Migrating to New Windows Systems


Although migrating to any new system is a chore, luckily there are plenty of tools out there to help you, whether you’re going from a UNIX system to Windows, from Windows to Linux, or simply migrating from one Windows system to another. This month, we’ll take a look at some of the tools that can help you easily migrate to new Windows systems

The first place to look is Microsoft’s Web site. Microsoft offers plenty of tools to download and articles to read. Start at Microsoft TechNet and search the Knowledge Base for the help you need (www.microsoft.com/technet). In addition to how-tos and other helpful articles, Microsoft has developed downloadable tools to help you with your migration. At www.microsoft.com/windowsserver2003/upgrading/nt4/tooldocs/default.mspx, you can find links to tools from Microsoft as well as several third-party vendors. For example, Microsoft offers the File Server Migration Toolkit (FSMT), which provides multiple tools to ease the consolidation process, creating less impact on end users. Systems administrators can use FSMT to migrate and consolidate shared folders from servers running NT 4.0 or Windows 2000 to servers running Windows Server 2003 or Storage Server 2003.

Also downloadable from Microsoft is the latest version of Active Directory Migration Tool (ADMT). CertMag author Ed Tittel recently wrote, “Active Directory sits at the heart of any modern Windows network.” Cut out the heart of the network, and you’re left with a lifeless system. You can use ADMT to migrate users, groups and computers between domains while allowing users to maintain access to applications and other resources. The latest version also allows for password migration and an easier command line interface.

To address concerns with how your newest OS will support existing applications, Microsoft offers the Windows Application Compatibility Toolkit 3.0. It contains several tools that will help you manage the process and ensure a smooth transition.

In addition to the tools offered by Microsoft, there are plenty of third-party migration tools on the market. Quest Software (www.quest.com), for example, offers several tools, including Controlled Migration Suite, which provides a migration management and execution framework for projects of all sizes and levels of complexity. The suite integrates domain management products from Aelita Software (now part of Quest) with a planning and reporting system, along with server consolidation tools. According to the Web site, it’s particularly suited for large and complex migrations in distributed networks.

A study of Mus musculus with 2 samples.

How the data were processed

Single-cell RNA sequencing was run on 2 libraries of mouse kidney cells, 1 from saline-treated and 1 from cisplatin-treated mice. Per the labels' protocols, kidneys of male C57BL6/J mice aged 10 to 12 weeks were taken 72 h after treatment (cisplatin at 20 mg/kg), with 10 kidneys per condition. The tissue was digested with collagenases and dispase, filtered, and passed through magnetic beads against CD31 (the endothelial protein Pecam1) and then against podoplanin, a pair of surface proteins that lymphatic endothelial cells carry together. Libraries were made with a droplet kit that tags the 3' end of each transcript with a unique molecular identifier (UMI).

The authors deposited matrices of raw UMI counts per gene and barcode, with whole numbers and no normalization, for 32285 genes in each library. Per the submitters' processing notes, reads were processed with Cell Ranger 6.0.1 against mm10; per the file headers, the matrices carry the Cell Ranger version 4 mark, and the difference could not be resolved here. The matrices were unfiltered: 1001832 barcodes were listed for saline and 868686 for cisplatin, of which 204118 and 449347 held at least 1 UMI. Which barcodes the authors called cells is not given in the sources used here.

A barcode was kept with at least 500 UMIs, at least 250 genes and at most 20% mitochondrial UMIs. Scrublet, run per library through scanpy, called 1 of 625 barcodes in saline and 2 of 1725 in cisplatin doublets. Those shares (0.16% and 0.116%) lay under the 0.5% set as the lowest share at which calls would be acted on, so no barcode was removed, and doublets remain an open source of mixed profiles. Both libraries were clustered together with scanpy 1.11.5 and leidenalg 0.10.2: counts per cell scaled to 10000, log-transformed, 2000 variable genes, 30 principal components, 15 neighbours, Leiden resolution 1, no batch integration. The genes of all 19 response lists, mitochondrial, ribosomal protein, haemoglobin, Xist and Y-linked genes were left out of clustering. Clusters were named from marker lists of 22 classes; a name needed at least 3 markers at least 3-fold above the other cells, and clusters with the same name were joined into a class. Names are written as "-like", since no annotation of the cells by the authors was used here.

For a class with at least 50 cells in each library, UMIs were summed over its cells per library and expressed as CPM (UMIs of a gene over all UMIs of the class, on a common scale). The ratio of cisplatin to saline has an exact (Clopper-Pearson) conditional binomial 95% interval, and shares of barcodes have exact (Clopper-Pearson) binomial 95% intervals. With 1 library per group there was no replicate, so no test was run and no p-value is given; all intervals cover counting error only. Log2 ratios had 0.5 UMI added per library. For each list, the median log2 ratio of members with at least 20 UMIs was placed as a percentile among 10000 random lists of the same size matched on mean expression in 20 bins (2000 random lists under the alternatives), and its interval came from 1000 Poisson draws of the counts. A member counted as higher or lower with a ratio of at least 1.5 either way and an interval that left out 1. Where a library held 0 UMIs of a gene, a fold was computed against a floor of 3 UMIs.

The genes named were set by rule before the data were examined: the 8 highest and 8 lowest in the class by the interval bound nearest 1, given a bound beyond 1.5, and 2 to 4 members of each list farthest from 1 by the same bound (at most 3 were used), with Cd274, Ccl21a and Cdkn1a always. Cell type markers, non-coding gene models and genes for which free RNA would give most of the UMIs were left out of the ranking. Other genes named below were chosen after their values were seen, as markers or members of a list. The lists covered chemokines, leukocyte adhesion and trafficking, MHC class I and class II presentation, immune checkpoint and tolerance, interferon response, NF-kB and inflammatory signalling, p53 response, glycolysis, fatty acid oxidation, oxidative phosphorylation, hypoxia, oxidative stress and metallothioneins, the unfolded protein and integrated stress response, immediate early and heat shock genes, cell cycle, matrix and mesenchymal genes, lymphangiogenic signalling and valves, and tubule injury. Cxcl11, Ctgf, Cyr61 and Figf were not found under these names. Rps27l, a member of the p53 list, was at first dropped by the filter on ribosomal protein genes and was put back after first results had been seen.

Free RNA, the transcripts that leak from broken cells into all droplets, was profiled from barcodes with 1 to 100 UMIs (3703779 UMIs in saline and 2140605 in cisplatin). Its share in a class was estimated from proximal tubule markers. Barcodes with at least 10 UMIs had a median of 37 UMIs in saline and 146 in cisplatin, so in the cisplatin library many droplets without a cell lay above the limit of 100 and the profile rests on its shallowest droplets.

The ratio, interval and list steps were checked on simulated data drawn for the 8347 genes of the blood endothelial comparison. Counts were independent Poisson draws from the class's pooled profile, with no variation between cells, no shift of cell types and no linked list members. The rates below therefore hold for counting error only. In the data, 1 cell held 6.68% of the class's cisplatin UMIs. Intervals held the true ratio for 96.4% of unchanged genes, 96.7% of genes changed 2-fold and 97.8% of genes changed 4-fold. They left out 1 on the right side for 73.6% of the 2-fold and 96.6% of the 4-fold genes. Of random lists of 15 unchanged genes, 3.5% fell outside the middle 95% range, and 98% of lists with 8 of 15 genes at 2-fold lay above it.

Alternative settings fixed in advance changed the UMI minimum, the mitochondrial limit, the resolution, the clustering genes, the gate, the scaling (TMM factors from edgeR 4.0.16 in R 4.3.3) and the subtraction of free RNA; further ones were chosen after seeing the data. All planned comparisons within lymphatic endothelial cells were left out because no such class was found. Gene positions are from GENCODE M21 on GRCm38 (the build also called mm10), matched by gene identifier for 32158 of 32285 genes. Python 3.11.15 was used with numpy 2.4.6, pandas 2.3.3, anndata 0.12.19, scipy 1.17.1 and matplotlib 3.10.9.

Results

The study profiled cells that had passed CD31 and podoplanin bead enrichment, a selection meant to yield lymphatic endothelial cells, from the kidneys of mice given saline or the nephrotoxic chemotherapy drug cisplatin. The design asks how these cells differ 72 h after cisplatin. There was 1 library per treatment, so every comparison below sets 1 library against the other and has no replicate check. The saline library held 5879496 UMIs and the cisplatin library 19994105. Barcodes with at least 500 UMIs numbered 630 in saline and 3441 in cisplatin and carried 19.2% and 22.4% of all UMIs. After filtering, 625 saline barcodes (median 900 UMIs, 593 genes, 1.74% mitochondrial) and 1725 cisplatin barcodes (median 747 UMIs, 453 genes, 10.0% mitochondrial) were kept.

BindView (www.bindview.com) developed the first migration tool that was based on AD technology. Now it offers bv-Admin for Windows Migration, allowing administrators to migrate their systems from various platforms to Windows 2000 or Windows 2003. BindView’s tool automates the migration of user accounts and their resources to Windows 2000, 2003 and AD, and it supports domain consolidations, in-place upgrades and parallel migrations. You don’t have to use it with bv-Admin for Windows, a tool to simplify directory administration, but you can.

Sys-Manage (www.sys-manage.com) offers CopyRight 1.2 to help administrators copy network shares, files, folders and accounts, including security information. With this tool you have the option of using the Microsoft Windows Explorer version or a command-line version. It is flexible, offering numerous ways to migrate users and groups from the source environment to the destination environment.

NetIQ (www.netiq.com) delivers a relatively low-cost solution with its NetIQ Migration Suite. This suite helps accelerate the transition to platforms like Microsoft Windows 2000 and 2003 or Exchange 2000 and 2003. The suite includes a Domain Migration Administrator, Server Consolidator and Exchange Migrator.

Since security is always a concern, you might want to try White Hat’s Secure Copy (www.whitehatinc.com). This product allows for seamless migration, permitting administrators to copy files and directories on NTFS partitions, keeping security intact throughout the process. It’s available in a simple GUI, and keeps administrators updated on copy progress, while alerting them to any errors along the way.

IntelliMover SE (service edition) from Detto Technologies (www.detto.com) allows service technicians to migrate users quickly. If you’re like most IT folks, family and friends often ask you for technical assistance and advice. If they’re asking how to move from one PC to another, point them to the Learning Center on Detto Technologies’ Web site (www.detto.com/learningcenter). It offers a tutorial for users migrating to new systems.